Yesterday I posted a piece about how business people can squeeze value from the consensus economic forecasts compiled by the NZIER, and along the way I mentioned that it's useful to look at the range of views around the consensus average: "it's very helpful to see the spread of views, as it gives you some feel about the degree of uncertainty ahead".
By coincidence I was fossicking around today in the AEA journals, and came across "Uncertainty and Economic Activity: Evidence from Business Survey Data" (American Economic Journal: Macroeconomics 2013, 5(2): 217–249). I can't find a free link to the paper (or to other versions - it also appeared as an NBER Working Paper) but if you're an AEA member or your organisation has a subscription to the AEA journals, you can access it via the AEA's journals page. In any event here's the gist of it.
It found that the spread of opinions (in this case across respondents to German and American business opinion surveys) did indeed convey useful information about the degree of uncertainty around the economic outlook.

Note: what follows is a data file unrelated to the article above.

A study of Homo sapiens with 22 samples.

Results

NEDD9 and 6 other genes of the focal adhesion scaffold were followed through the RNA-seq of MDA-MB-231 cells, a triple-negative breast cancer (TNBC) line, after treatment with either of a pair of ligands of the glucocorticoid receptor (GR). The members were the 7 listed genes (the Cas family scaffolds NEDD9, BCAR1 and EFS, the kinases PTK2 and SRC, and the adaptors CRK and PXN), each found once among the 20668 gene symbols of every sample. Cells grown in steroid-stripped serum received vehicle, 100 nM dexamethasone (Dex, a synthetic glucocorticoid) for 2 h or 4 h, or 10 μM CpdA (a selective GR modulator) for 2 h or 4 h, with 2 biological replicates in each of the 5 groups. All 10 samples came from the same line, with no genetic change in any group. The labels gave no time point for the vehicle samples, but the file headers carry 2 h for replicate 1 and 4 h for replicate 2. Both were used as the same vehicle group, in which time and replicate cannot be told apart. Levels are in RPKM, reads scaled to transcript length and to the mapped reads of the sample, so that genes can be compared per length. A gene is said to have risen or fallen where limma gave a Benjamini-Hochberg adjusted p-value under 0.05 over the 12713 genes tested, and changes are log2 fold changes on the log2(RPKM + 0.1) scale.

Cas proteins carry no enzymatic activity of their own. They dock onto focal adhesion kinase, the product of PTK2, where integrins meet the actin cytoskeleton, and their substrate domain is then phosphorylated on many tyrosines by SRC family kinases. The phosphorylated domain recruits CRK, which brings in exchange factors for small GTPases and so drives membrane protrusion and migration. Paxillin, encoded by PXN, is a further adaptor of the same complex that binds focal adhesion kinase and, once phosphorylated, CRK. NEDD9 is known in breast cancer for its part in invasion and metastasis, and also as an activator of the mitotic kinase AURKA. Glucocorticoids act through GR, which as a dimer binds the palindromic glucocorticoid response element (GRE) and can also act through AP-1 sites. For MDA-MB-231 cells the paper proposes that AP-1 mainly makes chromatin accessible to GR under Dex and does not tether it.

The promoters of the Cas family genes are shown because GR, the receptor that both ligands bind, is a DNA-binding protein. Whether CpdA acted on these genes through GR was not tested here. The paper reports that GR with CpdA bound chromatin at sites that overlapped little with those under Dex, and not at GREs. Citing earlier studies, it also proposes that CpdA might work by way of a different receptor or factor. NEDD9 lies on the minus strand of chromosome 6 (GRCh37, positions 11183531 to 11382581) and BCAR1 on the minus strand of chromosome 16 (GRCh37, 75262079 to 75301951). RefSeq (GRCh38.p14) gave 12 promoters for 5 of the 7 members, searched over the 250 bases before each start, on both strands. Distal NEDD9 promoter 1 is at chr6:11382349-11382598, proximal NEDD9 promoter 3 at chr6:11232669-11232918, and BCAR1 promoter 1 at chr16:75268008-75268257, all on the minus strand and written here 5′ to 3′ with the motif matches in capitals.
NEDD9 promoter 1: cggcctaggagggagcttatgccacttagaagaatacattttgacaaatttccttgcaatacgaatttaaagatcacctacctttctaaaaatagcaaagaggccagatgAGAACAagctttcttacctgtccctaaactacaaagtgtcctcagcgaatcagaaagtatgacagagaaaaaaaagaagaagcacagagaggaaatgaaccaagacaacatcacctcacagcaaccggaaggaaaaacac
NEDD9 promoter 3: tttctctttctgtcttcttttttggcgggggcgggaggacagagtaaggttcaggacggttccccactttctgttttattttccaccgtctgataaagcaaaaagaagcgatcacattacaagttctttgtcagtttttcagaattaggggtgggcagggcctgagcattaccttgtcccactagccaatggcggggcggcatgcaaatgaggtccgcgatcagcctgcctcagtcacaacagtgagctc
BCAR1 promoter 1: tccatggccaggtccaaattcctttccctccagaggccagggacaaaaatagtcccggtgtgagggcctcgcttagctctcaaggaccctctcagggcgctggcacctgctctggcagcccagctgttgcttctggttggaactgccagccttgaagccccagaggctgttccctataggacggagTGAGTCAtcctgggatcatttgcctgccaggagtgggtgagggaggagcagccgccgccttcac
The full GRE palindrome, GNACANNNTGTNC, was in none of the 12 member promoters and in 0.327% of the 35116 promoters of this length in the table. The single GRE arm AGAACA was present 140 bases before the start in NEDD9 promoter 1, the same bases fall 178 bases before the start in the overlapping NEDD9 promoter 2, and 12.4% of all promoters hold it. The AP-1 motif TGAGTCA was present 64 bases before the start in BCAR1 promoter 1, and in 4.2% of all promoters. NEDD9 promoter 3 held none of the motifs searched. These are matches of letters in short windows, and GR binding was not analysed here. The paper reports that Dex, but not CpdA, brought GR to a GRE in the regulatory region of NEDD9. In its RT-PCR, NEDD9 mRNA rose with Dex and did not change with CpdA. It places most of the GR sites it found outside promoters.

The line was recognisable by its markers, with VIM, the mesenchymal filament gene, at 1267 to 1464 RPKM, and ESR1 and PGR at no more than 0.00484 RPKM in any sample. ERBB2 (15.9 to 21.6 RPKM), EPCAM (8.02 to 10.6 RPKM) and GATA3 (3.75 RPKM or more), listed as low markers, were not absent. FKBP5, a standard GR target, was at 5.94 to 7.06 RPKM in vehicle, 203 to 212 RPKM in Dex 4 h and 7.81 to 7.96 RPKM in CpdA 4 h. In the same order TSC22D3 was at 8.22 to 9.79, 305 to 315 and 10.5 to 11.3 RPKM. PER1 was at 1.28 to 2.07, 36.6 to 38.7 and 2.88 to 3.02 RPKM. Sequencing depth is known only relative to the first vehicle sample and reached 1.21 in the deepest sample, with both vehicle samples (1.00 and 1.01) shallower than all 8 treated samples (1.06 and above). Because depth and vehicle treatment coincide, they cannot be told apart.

The authors looked at two measures derived from the surveys: one was an ex post one (the variance in how closely businesses' expectations for production matched their actual outcomes), and one was ex ante (the range of views across the businesses about expected production). And they found, first, that the two measures were closely correlated (a wider range of views in advance did indeed signal more bumpy outcomes later, where expectations had not been met), and that there were clear links between higher uncertainty (on either measure) and economic activity, and in an inverse way. When uncertainty rose, subsequent activity fell: big rises in uncertainty occurred, for example, just before recessions.
There's a lot more in this paper than the usefulness of paying attention to the range of views across businesses or forecasters. The authors look, for example, at what the transmission mechanisms are between that rise in uncertainty and subsequent weakness in activity, and find that for Germany it seems to be that firms go into "wait and see" mode, deferring hiring and investment, while in the US it's not so clear what's going on.
Bottom line, though, for people trying to navigate better through the economic cycle, is this: there's value in knowing what the consensus expectation is. But there's also real value in knowing how wide is the range of views around that consensus - and in particular, in noting if the range of views has suddenly got wider. It's not a good sign when it does.